This article is the first of a two-part series on bringing new life to a faltering dental practice. The following case study is based upon facts. The names and some information have been changed to conceal the identity of the doctor and the practice.

Recently I went to the dental office of a new client who had purchased the existing practice six years ago. Dr. Abbe was concerned because his new patient numbers had fallen off, and there were unfilled hygiene openings.

Practice management experts often agree that a solo general practice must have at least 300 new patients (comprehensive evaluations) yearly. In addition to this benchmark, there are so many other factors involved in making a practice productive and profitable, such as investing time and energy into giving patients an incentive to return.

As I walked through the front door of Dr. Abbe’s office, the first thing I noticed was a floor-to-ceiling wall of yellowed, tattered paper charts behind the reception counter. The reception room décor looked like random items picked from the clearance rack at a discount department store, and the patient chairs were stackable aluminum frame, hard, cold, and frightfully uncomfortable. The usual outdated magazines touting health and travel stuffed into a plastic wall display looked well-used, as if there was a standard long wait to see the dentist.

Dr. Abbe assured me his was a chartless practice; the wall was used as storage for old records. Yet, the perception was the practice was not modern and wasn’t as HIPAA compliant as it should be in protecting patient records. Dr. Abbe explained that because the practice was about 90% PPO, he didn’t see the need to improve the reception area. “PPO patients come here because we accept their plan and not because they expect anything fancy.” He had no marketing plan in place to attract patients without insurance, and he’d done nothing to create a sense of welcome or comfort to his practice.

Meeting with the dental team, we discussed creating a culture of caring that included a pleasant experience for all five senses. If a patient has a dental PPO insurance plan, they are expecting the best dental service just as if they were paying in cash. It was time for CPR.


People don’t return to healthcare facilities for the same reasons they don’t return to restaurants. They assess the physical appeal of the entrance, the reception area, the restroom facilities, the décor, the smell, the music, the cleanliness, the evidence of quality before they ever sample the product or service. All these are components of marketing and don’t cost much to improve. Patients may not comprehend the value of the treatment they receive, but they always remember how the experience made them feel. A patient will come because you are on the PPO network but may not return because of an unfortunate encounter with the practice environment and culture.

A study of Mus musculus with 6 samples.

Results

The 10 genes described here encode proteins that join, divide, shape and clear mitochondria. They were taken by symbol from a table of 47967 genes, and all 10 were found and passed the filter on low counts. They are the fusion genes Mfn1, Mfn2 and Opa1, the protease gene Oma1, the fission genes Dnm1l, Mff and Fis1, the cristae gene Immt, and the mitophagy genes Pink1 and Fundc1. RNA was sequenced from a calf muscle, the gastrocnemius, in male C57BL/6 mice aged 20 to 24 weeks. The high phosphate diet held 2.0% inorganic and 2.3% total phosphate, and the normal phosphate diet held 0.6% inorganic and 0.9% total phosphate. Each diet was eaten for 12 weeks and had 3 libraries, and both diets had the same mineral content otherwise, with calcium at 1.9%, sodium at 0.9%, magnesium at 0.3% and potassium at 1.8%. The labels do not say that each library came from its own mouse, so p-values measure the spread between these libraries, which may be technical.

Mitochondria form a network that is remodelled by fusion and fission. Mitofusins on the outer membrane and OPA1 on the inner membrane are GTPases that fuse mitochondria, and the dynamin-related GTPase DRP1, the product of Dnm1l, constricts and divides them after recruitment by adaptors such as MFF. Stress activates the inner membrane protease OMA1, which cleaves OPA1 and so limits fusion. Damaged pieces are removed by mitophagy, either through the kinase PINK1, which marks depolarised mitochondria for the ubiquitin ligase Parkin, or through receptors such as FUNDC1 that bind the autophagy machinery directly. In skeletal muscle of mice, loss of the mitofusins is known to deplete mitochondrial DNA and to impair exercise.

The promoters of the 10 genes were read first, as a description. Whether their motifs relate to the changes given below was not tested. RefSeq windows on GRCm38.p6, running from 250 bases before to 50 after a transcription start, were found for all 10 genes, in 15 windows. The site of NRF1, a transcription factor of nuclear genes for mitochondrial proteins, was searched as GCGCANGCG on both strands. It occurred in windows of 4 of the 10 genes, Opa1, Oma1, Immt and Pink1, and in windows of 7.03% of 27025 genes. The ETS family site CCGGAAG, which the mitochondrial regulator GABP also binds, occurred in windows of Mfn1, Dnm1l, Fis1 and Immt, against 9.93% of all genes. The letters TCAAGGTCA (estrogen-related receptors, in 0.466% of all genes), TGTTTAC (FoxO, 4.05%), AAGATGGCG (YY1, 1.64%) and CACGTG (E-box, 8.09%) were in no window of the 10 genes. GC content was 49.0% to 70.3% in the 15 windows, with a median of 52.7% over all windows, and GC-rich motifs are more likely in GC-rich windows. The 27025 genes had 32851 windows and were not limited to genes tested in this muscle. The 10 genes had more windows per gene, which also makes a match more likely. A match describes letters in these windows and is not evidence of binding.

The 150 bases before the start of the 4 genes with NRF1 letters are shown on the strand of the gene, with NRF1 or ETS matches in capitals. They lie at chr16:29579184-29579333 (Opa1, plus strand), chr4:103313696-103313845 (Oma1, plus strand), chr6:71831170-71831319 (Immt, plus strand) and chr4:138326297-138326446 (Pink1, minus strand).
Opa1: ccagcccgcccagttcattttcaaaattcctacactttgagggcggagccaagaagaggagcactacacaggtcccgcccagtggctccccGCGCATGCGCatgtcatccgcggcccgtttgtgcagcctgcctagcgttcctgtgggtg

The wall of the old charts went into boxes and were stored elsewhere. The team shopped for new waiting room chair designs and pleasing artwork for the reception wall.

Dr. Abbe wasn’t sure of how to define their “culture.” Culture is your leadership style, core values for care that make patients choose your office as their dental home. It is the uniqueness you offer that sets you apart from other dentists in the area. It is the culmination of everything within the office walls that defines what the practice stands for, from the welcome mat to the composite restorations.


Where does your practice show up in a google search of dentists in the area? Search Engine Optimization (SEO) is worth the investment. People search before they buy and look for great reviews of your practice online. Updating your website routinely by making it more patient-friendly with an interactive chat feature and interesting blog should be considered.

Shake up your dead content with some new posts that address problems, concerns, or interests that your patients have shared. Share what you are doing to improve your practice, showcase patient stories, and demonstrate how you helped them become healthy. Social media is a must to promote your practice. Whether it is your choice for Facebook, Instagram, or Twitter, many of your patients will see you as connected to their world.


Smiles are free yet offer so much to those who give and receive them. Answering the phone with a smile tells the patient your office is a friendly place. Stand to greet your patients as they enter your office and always wear a big smile that says, “Welcome.” Smile when you say goodbye and thank the patient for coming.

Administer CPR and watch your numbers grown!

Belle DuCharme, CDPMA, Dental Training Consultant

Belle DuCharme, CDPMA, Dental Training Consultant, is a professional writer, speaker, and instructor/consultant for the dental profession. Her long career includes clinical and business practice management and development of systems customized to each practice’s needs.